I understand that likelihood differs from a probability distribution because likelihood describes the probability of certain parameter values given the data that you've observed (it's essentially a distribution that describes observed data) while a probability distribution describes the probability of observing certain values given constant parameter values. But what is a marginal likelihood and how does it relate to posterior distributions? (preferably explained without, or with as little as possible, probability notation so that the explanation is more intuitive). Any examples would be great as well.


2 Answers 2


In Bayesian statistics, the marginal likelihood $$m(x) = \int_\Theta f(x|\theta)\pi(\theta)\,\text d\theta$$ where

  1. $x$ is the sample
  2. $f(x|\theta)$ is the sampling density, which is proportional to the model likelihood
  3. $\pi(\theta)$ is the prior density

is a misnomer in that

  1. it is not a likelihood function [as a function of the parameter], since the parameter is integrated out (i.e., the likelihood function is averaged against the prior measure),
  2. it is a density in the observations, the predictive density of the sample,
  3. it is not defined up to a multiplicative constant,
  4. it does not solely depend on sufficient statistics

Other names for $m(x)$ are evidence, prior predictive, partition function. It has however several important roles:

  1. this is the normalising constant of the posterior distribution$$\pi(\theta|x) = \dfrac{f(x|\theta)\pi(\theta)}{m(x)}$$
  2. in model comparison, this is the contribution of the data to the posterior probability of the associated model and the numerator or denominator in the Bayes factor.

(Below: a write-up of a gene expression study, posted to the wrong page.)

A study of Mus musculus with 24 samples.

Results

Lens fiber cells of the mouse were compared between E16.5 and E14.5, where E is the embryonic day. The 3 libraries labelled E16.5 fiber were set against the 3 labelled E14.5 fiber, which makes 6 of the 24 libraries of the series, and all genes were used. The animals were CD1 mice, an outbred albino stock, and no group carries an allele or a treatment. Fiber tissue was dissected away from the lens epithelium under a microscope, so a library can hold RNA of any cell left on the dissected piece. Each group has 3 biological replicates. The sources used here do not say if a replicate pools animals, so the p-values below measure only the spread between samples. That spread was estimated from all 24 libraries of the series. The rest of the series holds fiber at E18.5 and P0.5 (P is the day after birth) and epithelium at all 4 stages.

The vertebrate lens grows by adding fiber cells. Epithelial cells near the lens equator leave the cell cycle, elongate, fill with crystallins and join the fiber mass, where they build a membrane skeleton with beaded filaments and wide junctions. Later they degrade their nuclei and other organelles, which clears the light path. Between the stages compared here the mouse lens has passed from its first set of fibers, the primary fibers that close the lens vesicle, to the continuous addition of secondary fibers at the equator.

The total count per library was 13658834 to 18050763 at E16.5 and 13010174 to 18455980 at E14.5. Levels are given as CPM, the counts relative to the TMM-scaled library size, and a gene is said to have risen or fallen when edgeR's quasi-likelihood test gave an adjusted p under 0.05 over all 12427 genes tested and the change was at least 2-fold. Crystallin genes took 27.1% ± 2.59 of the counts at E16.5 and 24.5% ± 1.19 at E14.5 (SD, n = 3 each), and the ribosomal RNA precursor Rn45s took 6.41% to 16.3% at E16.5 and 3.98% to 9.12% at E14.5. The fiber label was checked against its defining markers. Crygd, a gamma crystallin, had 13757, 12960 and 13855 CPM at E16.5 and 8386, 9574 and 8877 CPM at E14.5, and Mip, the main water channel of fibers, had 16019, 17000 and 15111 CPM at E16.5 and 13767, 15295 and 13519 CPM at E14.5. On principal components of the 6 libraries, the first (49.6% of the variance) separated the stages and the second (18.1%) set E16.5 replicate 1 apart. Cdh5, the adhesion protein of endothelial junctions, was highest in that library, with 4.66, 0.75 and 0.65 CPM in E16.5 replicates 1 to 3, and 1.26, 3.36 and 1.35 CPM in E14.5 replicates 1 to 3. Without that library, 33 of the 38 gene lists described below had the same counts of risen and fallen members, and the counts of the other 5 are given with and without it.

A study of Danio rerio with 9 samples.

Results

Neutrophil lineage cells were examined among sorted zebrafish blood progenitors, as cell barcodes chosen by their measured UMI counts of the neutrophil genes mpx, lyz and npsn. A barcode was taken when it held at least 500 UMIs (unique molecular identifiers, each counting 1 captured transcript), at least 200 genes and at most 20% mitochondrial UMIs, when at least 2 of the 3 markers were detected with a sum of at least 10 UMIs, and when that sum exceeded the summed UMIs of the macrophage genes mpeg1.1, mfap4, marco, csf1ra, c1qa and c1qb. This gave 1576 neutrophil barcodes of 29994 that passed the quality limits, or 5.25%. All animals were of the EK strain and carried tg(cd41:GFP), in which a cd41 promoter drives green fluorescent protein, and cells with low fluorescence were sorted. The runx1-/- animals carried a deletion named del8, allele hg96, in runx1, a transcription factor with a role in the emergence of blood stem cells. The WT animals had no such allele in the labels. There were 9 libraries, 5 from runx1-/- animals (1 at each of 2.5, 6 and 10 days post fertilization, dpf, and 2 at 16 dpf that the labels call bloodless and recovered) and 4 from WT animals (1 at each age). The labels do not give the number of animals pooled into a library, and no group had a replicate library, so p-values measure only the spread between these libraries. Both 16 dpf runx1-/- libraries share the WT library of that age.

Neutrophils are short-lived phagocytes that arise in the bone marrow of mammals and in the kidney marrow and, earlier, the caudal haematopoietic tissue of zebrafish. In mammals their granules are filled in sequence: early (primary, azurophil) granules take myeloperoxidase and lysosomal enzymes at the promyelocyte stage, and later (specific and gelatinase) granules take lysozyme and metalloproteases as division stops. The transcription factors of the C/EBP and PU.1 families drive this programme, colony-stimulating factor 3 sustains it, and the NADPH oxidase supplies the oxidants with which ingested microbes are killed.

3. it is a measure of goodness-of-fit (of a model to the data $x$), in that $2\log m(x)$ is asymptotically the BIC (Bayesian information criterion) of Schwarz (1978).

See also

Normalizing constant in Bayes theorem

Normalizing constant irrelevant in Bayes theorem?

Intuition of Bayesian normalizing constant


In my mind the most intuitive role of marginal likelihood is indeed as a normalization factor. I'll elaborate more on this.

The bayes theorem is:
$$ P(\phi|X) = \frac{P(X|\phi)P(\phi)} {P(X)} $$ Now let's explore the numerator components: $$P(X|\phi)P(\phi)$$ This is the prior, multiply by the likelihood using a specific parameter - How well can we explain the data using this specific $\phi$ parameter. $$P(X)=\int_{\theta}P(X|\theta)P(\theta)\mathrm{d}\theta$$ The marginal likelihood - How well we can explain the data using all the parameters, weighted by the prior. The ratio between them should give the proportional share of this specific parameter $\phi$. This makes the numerator over the different parameters sum to 1 constructing a probability distribution. Thus the posterior, the ratio between the numerator & denominator, represents the probability distribution over the parameters.
If for example a specific parameter $\phi$ is very good at explaining the data compared to the other weights, then this parameter will have higher probability.